Numbers 19:1-10 Laws of Purification – The Lord instructed Moses and Aaron to offer a red heifer without blemish to be slaughter by Eleazar outside the camp with detailed instructions. Afterward, the priest must wash his clothes and bathe in water before returning to the camp, but be unclean until evening. A man that is clean shall take the ashes of the heifer and deposit it outside the camp in a clean place to be used for the water for impurity for the people. It is a sin offering. That person shall then also wash their clothes and bathe in water and be unclean until evening.
Notes: Over a period of 38.5 years, over 1.2 million people died in the wilderness because of God’s judgment. The Israelites were continually coming into contact with dead bodies, which led to ceremonial uncleanness. Therefore, the Lord provided a means of purification so that those who came into contact with dead bodies might be cleansed. The red cow was killed outside the camp of Israel, and its ashes were stored there as well (see v. 9). Hebrews 13:11–13 picks up the image of “outside the camp” as it relates to Christ’s death outside of Jerusalem. The ashes of all these and the cow were mixed to make the agent by which cleansing could take place.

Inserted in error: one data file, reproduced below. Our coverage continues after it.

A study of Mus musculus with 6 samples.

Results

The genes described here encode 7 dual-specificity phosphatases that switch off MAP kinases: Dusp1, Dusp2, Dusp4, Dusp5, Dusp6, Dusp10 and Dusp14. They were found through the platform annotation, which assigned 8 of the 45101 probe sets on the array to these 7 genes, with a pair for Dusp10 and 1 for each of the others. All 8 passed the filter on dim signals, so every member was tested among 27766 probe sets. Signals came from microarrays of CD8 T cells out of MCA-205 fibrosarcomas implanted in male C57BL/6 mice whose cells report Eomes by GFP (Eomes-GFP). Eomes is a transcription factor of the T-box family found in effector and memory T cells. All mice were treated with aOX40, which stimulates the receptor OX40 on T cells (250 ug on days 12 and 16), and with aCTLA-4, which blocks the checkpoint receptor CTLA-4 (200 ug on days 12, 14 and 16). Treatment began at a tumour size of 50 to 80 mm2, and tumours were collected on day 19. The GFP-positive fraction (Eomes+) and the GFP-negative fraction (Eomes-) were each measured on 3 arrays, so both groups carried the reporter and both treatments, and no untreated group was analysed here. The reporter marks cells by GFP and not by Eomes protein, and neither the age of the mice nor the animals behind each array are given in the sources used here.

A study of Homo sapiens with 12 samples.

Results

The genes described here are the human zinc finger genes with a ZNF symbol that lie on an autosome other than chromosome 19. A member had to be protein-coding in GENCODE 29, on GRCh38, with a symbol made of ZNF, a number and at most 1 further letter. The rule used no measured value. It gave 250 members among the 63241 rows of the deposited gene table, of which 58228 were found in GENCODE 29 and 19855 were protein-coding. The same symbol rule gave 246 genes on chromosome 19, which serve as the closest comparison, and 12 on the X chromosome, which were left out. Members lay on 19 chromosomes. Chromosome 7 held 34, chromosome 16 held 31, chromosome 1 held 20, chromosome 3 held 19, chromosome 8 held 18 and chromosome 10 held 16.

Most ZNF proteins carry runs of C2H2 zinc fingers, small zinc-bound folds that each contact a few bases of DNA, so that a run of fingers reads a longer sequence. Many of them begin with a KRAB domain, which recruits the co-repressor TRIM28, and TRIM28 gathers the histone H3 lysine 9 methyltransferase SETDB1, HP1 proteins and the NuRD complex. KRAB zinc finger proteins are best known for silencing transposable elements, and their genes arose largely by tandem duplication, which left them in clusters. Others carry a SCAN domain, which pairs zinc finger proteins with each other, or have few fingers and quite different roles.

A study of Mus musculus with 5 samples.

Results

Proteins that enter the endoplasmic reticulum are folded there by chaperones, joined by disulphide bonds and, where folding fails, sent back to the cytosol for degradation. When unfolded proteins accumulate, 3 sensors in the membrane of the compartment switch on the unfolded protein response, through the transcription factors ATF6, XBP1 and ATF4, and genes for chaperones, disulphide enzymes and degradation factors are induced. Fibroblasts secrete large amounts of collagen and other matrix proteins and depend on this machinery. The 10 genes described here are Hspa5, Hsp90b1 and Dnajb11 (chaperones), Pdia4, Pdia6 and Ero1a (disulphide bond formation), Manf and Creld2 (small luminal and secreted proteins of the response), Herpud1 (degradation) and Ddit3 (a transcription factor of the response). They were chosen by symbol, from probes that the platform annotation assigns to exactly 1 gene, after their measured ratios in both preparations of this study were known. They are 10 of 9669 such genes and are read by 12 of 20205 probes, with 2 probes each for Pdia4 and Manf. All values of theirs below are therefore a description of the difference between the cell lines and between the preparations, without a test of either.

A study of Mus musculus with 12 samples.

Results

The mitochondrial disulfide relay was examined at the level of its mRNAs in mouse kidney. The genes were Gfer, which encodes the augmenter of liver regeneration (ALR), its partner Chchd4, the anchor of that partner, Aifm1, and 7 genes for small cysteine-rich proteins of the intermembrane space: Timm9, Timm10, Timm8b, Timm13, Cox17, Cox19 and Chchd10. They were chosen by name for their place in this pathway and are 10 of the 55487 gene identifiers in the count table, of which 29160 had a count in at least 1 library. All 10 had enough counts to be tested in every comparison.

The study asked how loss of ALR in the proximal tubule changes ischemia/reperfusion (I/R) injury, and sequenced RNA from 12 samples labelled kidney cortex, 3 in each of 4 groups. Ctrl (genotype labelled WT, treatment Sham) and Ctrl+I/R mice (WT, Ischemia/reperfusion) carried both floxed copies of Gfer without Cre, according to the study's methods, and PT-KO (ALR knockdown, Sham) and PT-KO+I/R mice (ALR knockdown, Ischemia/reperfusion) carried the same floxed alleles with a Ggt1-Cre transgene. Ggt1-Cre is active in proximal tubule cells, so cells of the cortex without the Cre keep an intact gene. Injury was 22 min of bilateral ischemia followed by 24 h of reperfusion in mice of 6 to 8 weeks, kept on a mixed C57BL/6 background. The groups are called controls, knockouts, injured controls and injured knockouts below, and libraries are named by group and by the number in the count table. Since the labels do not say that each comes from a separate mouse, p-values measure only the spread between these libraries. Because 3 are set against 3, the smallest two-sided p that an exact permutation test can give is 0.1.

Numbers 19:11-22 A person who touches a dead body is unclean and must cleanse himself or else defiles the tabernacle and will be cut off from Israel. This uncleanliness extends to a person who dies in a tent or killed in battle. Any open vessel that was not covered will be considered unclean. The ashes from red heifer mixed with water in a vessel will be sprinkled on the unclean to be made clean.
Notes: Any clean person, not just priests, could sprinkle the unclean with the water for impurity. Hebrews 9:13–14 notes that the blood of Christ is even more effective in its cleansing power: it will purify the conscience from dead works to serve the living God. These regulations were intended for Israel; now that Christ has come, Christians do not need purification rites such as these.